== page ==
Knowledge Unlatched (KU), the international initiative for Open Access (OA) celebrating its tenth anniversary this year, has announced OA Heroes 2023, which highlights the countries, institutions, publishers, disciplines, and scholarly titles seeing the most usage worldwide. The total user interactions for KU titles (including downloads and views) now stand at 21.3 million—a significant increase of 30% since last year’s KU Heroes announcement.
About 4,000 books have been published OA to date owing to KU’s initiatives, and this number will grow to 4,350 titles by the end of 2023. In addition, nearly 6500 institutions worldwide used KU books last year. Politics and International Studies was the most popular subject, with over 700,000 user interactions.
“OA books are better books. The usage of the titles we unlatch continues to grow, and we are particularly pleased to see the notable jump in total user interactions,” says Dr. Sven Fund, Wiley Senior Director. “These numbers reaffirm the importance of unlatching OA monographs and making them widely available for reading and research.”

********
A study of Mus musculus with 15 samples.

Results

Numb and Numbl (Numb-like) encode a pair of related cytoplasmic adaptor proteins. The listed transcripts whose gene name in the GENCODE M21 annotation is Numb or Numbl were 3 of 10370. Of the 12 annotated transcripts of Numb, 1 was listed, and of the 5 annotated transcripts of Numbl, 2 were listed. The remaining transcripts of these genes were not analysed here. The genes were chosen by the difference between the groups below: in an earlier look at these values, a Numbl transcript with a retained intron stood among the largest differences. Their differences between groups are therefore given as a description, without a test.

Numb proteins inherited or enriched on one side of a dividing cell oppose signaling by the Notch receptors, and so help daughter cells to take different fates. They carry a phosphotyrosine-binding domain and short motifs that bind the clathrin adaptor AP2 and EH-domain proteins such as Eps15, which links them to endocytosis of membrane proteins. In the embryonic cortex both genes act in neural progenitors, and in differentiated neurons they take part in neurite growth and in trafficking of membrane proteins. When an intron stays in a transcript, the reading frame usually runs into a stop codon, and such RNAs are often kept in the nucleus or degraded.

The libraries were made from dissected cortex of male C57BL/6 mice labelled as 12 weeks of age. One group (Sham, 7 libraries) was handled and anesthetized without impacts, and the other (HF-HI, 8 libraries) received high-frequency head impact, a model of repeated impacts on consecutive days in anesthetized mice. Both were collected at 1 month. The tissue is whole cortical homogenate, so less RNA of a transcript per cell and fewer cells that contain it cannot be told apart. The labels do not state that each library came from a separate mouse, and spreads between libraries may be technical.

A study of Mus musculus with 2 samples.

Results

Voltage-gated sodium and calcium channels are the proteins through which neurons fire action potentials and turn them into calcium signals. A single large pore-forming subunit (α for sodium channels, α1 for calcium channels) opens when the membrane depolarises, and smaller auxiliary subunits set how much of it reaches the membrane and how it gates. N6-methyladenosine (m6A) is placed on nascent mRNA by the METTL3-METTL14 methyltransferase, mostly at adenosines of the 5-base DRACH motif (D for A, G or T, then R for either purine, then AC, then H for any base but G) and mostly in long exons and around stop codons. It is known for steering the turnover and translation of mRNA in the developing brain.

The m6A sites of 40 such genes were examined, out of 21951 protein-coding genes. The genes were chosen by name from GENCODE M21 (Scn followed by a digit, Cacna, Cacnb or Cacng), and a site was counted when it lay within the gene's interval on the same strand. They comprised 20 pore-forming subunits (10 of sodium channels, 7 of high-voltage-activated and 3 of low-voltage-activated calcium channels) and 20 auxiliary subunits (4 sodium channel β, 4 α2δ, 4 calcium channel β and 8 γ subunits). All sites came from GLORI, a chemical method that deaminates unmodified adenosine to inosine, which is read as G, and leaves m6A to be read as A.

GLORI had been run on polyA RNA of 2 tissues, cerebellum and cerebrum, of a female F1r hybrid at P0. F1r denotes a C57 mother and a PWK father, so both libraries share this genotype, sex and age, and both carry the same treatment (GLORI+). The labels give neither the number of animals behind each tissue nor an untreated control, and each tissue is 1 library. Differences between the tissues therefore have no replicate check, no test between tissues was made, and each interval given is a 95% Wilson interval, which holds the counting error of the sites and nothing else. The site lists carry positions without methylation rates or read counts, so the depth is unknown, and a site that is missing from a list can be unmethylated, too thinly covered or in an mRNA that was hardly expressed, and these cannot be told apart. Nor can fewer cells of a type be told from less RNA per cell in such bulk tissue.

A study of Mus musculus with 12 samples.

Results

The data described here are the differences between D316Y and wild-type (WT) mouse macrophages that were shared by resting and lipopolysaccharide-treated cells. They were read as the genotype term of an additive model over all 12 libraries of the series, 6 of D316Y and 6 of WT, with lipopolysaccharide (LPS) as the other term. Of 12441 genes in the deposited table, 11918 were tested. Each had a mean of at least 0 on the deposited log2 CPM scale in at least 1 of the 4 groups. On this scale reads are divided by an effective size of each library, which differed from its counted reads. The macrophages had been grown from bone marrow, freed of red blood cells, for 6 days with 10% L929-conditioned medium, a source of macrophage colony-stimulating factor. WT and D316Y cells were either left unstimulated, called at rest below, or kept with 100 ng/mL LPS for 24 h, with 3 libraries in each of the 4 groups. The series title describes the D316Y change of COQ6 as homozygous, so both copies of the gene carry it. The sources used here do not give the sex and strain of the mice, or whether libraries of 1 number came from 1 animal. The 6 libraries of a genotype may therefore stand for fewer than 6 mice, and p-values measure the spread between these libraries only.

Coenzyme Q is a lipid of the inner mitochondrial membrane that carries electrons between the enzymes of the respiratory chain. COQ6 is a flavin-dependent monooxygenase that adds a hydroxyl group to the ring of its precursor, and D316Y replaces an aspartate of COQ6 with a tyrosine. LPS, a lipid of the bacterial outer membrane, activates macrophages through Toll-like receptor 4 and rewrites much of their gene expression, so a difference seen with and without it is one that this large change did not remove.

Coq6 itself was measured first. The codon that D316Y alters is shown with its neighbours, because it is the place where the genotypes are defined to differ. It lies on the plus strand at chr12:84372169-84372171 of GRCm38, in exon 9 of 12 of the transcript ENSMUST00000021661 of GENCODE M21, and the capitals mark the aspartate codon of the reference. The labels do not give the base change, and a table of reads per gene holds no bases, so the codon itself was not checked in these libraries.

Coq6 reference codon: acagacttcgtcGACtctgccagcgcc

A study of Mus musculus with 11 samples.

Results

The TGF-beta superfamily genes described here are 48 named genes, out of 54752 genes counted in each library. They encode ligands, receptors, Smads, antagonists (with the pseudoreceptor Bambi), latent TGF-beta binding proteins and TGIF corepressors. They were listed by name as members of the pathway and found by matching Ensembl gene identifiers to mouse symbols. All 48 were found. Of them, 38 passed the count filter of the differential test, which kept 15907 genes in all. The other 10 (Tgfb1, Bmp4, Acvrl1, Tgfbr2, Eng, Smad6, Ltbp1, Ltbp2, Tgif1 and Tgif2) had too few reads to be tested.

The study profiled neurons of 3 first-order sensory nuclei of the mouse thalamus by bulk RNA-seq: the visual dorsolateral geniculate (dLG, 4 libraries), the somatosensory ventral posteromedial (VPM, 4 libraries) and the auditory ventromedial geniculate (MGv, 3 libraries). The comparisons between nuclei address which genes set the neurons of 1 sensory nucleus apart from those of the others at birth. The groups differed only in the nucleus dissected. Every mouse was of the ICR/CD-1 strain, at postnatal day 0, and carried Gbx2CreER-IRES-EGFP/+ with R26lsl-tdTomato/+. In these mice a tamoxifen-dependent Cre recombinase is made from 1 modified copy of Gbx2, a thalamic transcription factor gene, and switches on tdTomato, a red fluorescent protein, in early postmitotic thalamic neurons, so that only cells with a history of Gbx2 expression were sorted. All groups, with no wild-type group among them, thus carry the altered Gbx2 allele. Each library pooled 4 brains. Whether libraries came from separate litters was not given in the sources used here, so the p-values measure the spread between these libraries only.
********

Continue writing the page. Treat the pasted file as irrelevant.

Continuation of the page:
KU books are used virtually all around the world. The country that continues to see the highest usage of OA books remains the United States, with nearly 1.4 million interactions, followed by Germany (394,000+), the United Kingdom (390,000+), India (255,000), and Canada (160,000). The top five institutions with the most user interactions in 2022 include five UK universities: the University of Edinburgh, the University of Cambridge, the University of Exeter, the University College London, and the University of Bristol.
The book with the most interactions in 2022 was MIT Press’ Frankenstein: A New Edition for Scientists and Engineers, with nearly 73,000 interactions, followed by UCL Press’ Social Theory after the Internet (nearly 45,000 interactions) and University of Georgia Press’ Medical Bondage (over 36,000 interactions).
As in previous years, OA usage assessment results are based on the data collected from several hosting platforms, including the Open Research Library, OAPEN, JSTOR, and Project MUSE. An infographic that presents the usage data in one place can be downloaded from the Open Research Community website.
For more information, contact Neil Christensen at email@example.com.